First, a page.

Landscaping companies, gun stores, golf courses, live wrestling matches: Businesses considered "essential" in one state aren't designated the same way in others.

Why it matters: A patchwork of coronavirus-era policies is causing confusion — plus envy and resentment — across the country, with calls for clearer federal guidelines about what should and shouldn't remain open.

There's consensus about a handful of obvious essentials, like hospitals and grocery stores. But others are more controversial:

  • Hobby Lobby, the crafts chain that kept doors open because it sells "essential" supplies to make masks and other personal protective equipment, defied initial orders from a number of states to close.
  • Bath & Body Works, which specializes in fragranced toiletries, made the case that it sells soaps and hand sanitizers — and some of stores were reportedly given the go-ahead to reopen in Ohio after initially closing.
  • In Florida, World Wrestling Entertainment was deemed an essential business by Gov. Ron DeSantis, who argued that Americans were bored by reruns of televised sports, telling reporters: "People have been starved for content."

The backstory: The federal government released guidance on what industries could remain open, though it's left to states — and sometimes cities — to decide who is allowed to operate and who isn't.

  • Who's essential includes broad swaths of workers, from bankers and auto mechanics to teachers and veterinarians.
  • But in some cases, state's early guidelines were too vague. It's forced them to double back and tell grey-area businesses to shut. For instance: Ohio's new Dispute Resolution Commission clarified last week that pet groomers were not considered essential businesses.
  • “There remains a need for clear national guidance to resolve questions caused by a number of conflicting state and local orders,” the National Retail Federation, retail's chief lobbying group, wrote in a letter to the White House.

Between the lines: The inconsistencies have created opportunity for businesses, which are flexing lobbying muscle to convince governors to deem them essential.

  • While liquor stores and medical marijuana dispensaries are deemed essential — to prevent people with chemical dependencies from having medical emergencies, among other reasons — some eyebrows have been raised.
  • In Massachusetts, for instance, recreational pot stores aren't considered essential. The decision drew furor from its cannabis industry, which says the outlets would be allowed to operate under other state guidelines.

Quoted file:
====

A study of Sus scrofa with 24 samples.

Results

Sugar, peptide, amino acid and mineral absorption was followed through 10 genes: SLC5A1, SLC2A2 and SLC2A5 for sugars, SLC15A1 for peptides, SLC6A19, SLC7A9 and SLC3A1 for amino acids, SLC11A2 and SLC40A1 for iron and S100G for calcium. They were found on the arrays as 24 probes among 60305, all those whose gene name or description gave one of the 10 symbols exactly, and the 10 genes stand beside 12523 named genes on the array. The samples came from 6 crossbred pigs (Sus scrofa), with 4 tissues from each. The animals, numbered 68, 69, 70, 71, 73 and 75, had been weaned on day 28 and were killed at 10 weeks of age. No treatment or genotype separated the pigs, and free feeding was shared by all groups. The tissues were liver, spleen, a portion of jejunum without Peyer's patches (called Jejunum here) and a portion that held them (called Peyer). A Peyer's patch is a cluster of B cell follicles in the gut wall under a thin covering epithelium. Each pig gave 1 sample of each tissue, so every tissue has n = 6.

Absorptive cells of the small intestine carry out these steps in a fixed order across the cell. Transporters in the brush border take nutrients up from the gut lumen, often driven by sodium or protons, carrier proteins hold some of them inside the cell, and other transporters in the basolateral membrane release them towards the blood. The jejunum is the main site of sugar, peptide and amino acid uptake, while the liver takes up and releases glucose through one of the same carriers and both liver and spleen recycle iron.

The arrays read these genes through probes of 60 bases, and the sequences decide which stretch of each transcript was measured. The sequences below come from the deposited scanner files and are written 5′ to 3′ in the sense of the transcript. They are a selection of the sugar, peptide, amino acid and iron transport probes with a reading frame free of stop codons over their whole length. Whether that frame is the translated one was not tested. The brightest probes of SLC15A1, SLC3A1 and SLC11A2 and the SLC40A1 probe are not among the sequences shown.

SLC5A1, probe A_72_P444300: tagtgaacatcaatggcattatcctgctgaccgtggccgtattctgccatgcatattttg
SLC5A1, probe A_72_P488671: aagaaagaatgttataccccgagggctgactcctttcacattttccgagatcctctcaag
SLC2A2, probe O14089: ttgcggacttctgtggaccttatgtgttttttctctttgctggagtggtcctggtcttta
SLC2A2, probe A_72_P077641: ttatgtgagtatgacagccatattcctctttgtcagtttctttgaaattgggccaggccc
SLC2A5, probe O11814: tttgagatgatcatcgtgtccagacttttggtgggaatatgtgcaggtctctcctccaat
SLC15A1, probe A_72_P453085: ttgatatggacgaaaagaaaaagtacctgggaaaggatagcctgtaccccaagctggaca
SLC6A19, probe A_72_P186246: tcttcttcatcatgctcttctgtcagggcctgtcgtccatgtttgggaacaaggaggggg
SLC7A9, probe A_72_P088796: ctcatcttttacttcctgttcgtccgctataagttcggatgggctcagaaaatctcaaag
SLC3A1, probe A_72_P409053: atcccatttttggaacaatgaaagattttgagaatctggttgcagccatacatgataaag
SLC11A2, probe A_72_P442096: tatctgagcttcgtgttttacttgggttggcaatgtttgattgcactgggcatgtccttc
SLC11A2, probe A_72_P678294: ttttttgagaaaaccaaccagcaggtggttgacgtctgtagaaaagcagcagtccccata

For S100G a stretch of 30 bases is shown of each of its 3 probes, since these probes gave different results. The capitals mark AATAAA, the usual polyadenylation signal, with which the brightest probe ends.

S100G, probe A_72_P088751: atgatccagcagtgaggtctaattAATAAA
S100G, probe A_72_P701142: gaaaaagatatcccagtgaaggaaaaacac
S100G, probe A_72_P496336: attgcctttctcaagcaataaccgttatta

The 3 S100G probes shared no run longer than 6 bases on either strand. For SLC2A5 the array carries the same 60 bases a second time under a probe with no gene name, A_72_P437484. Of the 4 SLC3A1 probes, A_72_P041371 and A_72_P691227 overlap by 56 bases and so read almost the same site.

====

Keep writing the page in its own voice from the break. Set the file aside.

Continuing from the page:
• Gov. Charlie Baker feared those shops "would attract people from out of state and hinder efforts to slow the spread of the coronavirus," WBUR reports.

What to watch: "Essential" isn't going away — indeed, its definition could prove even more contentious as states and local areas begin the process of opening back up.

  • The businesses considered most important by governors will return to work first, which means that states will have to add more guidelines and gradations.
  • “So we want to start to bring the economy back, move up one tranche on how you define essential. What’s the next level of essential businesses?" New York Gov. Andrew Cuomo said this week.

Go deeper

White House says it expects federal contractors to be vaccinated by Dec. 8

Photo: Stefani Reynolds/Bloomberg via Getty Images

The White House said in new guidance Friday that it expects millions of federal contractors to be vaccinated against the coronavirus no later than Dec. 8.

Why it matters: Companies with federal contractors have been waiting for formal guidance from the White House before requiring those employees to get vaccinated, according to Reuters.

CDC director maintains Pfizer booster recommendation for high-risk workers

Rochelle Walensky listens during a confirmation hearing on July 20. Photo: Stefani Reynolds/The New York Times/Bloomberg via Getty Images

Centers for Disease Control and Prevention director Rochelle Walensky on Friday reiterated her decision to go against a recommendation by a CDC advisory panel that refused to endorse booster shots for workers whose jobs put them at high risk for contracting COVID-19.

Driving the news: "Our healthcare systems are once again at maximum capacity in parts of the country, our teachers are facing uncertainty as they walk into the classroom," Walensky said at a Friday briefing. "I must do what I can to preserve the health across our nation."

3 hours ago - Politics & Policy

Democrats release full text of Biden's $3.5T reconciliation package

House Speaker Nancy Pelosi. Photo: Alex Wong/Getty Images

House Speaker Nancy Pelosi (D-Calif.) on Friday unveiled the full text of President Biden's $3.5 trillion social spending package.

Why it matters: Democrats are racing to finish negotiations and get the bill on the floor as soon as possible so Pelosi can fulfill her promises to both House centrists and progressives about the timing and sequencing of passing the party's dual infrastructure packages.